Preview – The P7 Revisited
Photography by Henry Z. De Kuyper
Taking Another Look at the Squeeze-Cocking Combat Staple Gun
In the mid-1970s, when 9mm handguns were busy growing fatter in both size and magazine capacity, Heckler & Koch’s engineers headed in the opposite direction. The German police’s search for a new standardized sidearm led to the development of the unique and innovative P7 PSP (Polizei-Selbstlade-Pistole, or Police Self-Loading Pistol). While the P7 enjoyed brief popularity in the United States, it is viewed as somewhat of a novelty these days with a devoted cult following. We decided to give the P7 another look and see if this retro-futuristic single-stack deserves a fresh start — and made a few modifications to improve performance along the way.
While the P7 was innovative in many ways, it’s best known for its squeeze-cocking grip mechanism that gives it the “combat staple gun” nickname. Well, that and being the weapon of choice for Alan Rickman’s character in Die Hard. Unlike, say, a Glock or 1911, racking the slide to chamber a round in the P7 does not cock the striker or hammer. Rather, the pistol is cocked when the articulating frontstrap is gripped with sufficient force (about 12 pounds) to compress the internal springs and retract the firing pin assembly. Practically speaking, this means that the firearm is never cocked until the shooter is in the sequence of actually firing a round. Though this safety feature never caught on in other models, it does offer some real advantages.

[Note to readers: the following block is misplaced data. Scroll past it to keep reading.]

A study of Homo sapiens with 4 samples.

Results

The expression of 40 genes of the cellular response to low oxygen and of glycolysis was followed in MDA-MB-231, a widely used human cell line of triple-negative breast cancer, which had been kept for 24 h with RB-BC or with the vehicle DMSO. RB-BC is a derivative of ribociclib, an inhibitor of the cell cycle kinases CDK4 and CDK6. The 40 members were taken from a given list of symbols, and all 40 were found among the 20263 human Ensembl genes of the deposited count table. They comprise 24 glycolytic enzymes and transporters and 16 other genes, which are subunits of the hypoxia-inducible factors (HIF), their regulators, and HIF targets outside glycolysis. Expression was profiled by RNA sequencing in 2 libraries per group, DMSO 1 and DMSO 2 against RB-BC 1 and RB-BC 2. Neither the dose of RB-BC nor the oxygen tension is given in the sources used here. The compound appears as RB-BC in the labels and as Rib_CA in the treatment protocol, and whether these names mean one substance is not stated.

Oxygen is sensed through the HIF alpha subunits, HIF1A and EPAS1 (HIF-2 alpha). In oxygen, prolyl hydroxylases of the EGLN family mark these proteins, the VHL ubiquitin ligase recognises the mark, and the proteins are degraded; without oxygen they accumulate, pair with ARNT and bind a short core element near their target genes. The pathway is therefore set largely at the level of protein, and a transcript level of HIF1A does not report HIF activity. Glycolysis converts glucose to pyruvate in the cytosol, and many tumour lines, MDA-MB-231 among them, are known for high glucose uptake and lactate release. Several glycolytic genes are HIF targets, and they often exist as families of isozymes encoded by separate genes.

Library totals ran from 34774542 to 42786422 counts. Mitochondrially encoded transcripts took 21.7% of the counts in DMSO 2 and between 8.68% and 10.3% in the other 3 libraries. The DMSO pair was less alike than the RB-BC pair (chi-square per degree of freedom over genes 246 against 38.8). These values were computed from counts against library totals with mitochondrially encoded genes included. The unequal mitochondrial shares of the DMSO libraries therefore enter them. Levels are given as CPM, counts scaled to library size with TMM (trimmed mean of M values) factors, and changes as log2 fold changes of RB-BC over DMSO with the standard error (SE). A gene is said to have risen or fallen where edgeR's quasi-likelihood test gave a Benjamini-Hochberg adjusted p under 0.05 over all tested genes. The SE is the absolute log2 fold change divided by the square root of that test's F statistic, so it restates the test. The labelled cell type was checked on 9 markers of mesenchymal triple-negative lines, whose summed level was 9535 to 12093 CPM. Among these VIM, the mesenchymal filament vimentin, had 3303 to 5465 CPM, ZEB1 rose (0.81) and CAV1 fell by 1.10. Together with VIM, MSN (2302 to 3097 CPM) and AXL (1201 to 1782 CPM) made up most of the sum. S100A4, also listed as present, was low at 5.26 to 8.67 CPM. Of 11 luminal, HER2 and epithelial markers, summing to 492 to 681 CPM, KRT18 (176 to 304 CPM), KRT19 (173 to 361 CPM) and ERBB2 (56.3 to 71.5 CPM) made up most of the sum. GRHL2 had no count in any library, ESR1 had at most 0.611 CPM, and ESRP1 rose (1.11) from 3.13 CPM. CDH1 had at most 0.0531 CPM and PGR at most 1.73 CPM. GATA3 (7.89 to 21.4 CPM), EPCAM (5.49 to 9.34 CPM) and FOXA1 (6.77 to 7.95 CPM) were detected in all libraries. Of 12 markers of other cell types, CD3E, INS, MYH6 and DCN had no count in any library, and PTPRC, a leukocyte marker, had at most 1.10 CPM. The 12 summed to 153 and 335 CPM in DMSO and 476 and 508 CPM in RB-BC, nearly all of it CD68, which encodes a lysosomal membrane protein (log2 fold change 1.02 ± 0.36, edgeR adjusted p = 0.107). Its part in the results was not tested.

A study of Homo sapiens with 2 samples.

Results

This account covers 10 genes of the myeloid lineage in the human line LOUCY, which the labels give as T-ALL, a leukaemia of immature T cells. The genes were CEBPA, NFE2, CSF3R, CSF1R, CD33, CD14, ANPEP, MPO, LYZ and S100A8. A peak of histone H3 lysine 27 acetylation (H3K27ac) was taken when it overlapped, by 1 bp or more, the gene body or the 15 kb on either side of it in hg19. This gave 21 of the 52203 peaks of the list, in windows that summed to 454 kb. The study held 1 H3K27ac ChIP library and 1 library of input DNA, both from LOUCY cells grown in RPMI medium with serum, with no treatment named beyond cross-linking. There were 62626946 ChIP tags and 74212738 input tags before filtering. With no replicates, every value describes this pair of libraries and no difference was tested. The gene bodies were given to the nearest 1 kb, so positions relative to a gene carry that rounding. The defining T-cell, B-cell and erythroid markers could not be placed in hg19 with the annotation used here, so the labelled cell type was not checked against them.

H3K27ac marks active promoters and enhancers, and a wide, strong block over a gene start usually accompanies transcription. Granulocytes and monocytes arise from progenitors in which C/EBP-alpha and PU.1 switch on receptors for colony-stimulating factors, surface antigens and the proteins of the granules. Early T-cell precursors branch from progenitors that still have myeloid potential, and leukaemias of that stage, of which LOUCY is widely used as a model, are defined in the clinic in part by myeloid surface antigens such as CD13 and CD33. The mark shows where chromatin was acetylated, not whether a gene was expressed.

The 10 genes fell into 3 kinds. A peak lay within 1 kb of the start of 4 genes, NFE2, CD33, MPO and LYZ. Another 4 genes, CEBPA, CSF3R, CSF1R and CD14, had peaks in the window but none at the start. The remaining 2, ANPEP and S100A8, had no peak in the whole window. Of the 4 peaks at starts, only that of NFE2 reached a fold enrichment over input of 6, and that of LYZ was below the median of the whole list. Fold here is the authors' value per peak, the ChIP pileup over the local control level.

Anonymous anecdotes tell us of police officers who had their guns taken from them by bad guys who couldn’t figure out the mechanism, thus saving the officers’ lives. We’re not 100 percent sure this ever happened, but the concept is sound. The mechanism also provides an added margin of defense against potentially tragic accidental discharges by children, though we’re certainly not suggesting that the P7 is childproof.
Finally, the P7 is the only semiautomatic handgun that this author would consider carrying with a loaded chamber shoved inside the waistband without a holster. As for the encumbrance of operating the mechanism, once you’re familiar with the P7, the squeeze-cocking motion is as second nature as disengaging the manual safety on a 1911 — you don’t even think about it.